To examine how Family Doctors (FDs) actually contribute to disaster response.
Thirty-seven disaster-experienced FDs were interviewed about how they contributed to response and recovery when disasters struck their communities.
FDs reported being guided by the usual evidence-based care characteristics of primary practice. The majority provided holistic comprehensive medical care and did not feel they needed many extra clinical training or skills. However, they did wish to understand the systems of disaster management, where they fit in, and their link to the broader disaster response.
The contribution of FDs to healthcare systems brings strengths of preventative care, early intervention, and ongoing local surveillance by a central, coordinating, and trusted health professional. There is no reason to not include disaster management in primary care.
Health effects of disasters are mostly consistent across hazard types. Those working in communities affected by disasters have an opportunity to provide surveillance and early management to patients affected by disaster through increased understanding of the epidemiology or health consequences in the days, weeks, months, and years after disasters. Disasters have been called a social determinant of health and population-level changes or social determinants that have been documented post-incident. Environmental and community disruption contribute to health effects. Consequent health effects are evidenced across body systems, affecting both physical and mental health.
To develop guidelines for primary care patient review following a disaster, based on the temporal pattern of disease epidemiology.
A systematic review of the literature was undertaken to examine the epidemiology of health consequences following disasters.
Guidelines for Family Doctors based on the literature review were developed to assist preventative care, surveillance, early identification of emerging conditions, and ongoing management of pre-existing disease.
Healthcare management in disasters focuses on acute healthcare in emergency departments and hospitals. However, healthcare is also being provided in primary healthcare settings during the first days to weeks of the catastrophe, with many health consequences ongoing in the weeks, months, and years after the event.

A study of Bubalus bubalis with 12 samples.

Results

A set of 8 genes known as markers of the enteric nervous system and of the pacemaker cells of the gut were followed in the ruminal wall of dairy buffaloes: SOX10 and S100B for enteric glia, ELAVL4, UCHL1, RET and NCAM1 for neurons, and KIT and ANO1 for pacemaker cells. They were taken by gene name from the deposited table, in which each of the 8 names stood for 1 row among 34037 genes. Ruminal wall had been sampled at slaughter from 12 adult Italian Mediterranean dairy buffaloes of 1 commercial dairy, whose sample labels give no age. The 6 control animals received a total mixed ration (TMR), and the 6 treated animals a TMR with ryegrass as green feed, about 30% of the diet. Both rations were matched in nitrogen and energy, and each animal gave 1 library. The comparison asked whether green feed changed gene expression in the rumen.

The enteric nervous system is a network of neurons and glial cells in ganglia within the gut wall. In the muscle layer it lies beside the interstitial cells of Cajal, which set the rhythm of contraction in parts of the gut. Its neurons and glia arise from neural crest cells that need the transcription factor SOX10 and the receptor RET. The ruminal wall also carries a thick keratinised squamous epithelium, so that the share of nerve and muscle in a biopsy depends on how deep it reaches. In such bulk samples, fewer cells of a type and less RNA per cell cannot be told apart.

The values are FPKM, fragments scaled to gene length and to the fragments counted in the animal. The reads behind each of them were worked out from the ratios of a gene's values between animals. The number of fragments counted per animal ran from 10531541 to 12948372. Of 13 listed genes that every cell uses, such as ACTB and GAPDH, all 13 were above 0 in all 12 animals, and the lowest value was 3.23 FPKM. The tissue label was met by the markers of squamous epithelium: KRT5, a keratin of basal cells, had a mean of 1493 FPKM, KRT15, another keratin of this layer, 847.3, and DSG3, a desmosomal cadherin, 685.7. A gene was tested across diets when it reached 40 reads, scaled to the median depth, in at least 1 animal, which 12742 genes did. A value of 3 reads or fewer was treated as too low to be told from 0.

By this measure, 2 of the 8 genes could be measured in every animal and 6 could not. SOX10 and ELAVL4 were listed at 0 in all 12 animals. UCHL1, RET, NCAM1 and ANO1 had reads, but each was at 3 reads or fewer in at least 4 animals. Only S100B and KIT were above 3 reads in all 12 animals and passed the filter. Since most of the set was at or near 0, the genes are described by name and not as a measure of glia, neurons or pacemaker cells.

To explore complementary feeding practices and identify potential risk factors associated with inadequate complementary feeding practices in Ghana by using the newly developed WHO infant feeding indicators and data from the nationally representative 2008 Ghana Demographic and Health Survey.
The source of data for the analysis was the 2008 Ghana Demographic and Health Survey. Analysis of the factors associated with inadequate complementary feeding, using individual-, household- and community-level determinants, was done by performing multiple logistic regression modelling.
Children (n 822) aged 6–23 months.
The prevalence of the introduction of solid, semi-solid or soft foods among infants aged 6–8 months was 72·6 % (95 % CI 64·6 %, 79·3 %). The proportion of children aged 6–23 months who met the minimum meal frequency and dietary diversity for breast-fed and non-breast-fed children was 46·0 % (95 % CI 42·3 %, 49·9 %) and 51·4 % (95 % CI 47·4 %, 55·3 %) respectively and the prevalence of minimum acceptable diet for breast-fed children was 29·9 % (95 % CI 26·1 %, 34·1 %). Multivariate analysis revealed that children from the other administrative regions were less likely to meet minimum dietary diversity, meal frequency and acceptable diet than those from the Volta region. Household poverty, children whose mothers perceived their size to be smaller than average and children who were delivered at home were significantly less likely to meet the minimum dietary diversity requirement; and children whose mothers did not have any postnatal check-ups were significantly less likely to meet the requirement for minimum acceptable diet. Complementary feeding was significantly lower in infants from illiterate mothers (adjusted OR=3·55; 95 % CI 1·05, 12·02).
The prevalence of complementary feeding among children in Ghana is still below the WHO-recommended standard of 90 % coverage. Non-attendance of postnatal check-up by mothers, cultural beliefs and habits, household poverty, home delivery of babies and non-Christian mothers were the most important risk factors for inadequate complementary feeding practices. Therefore, nutrition educational interventions to improve complementary feeding practices should target these factors in order to achieve the fourth Millennium Development Goal.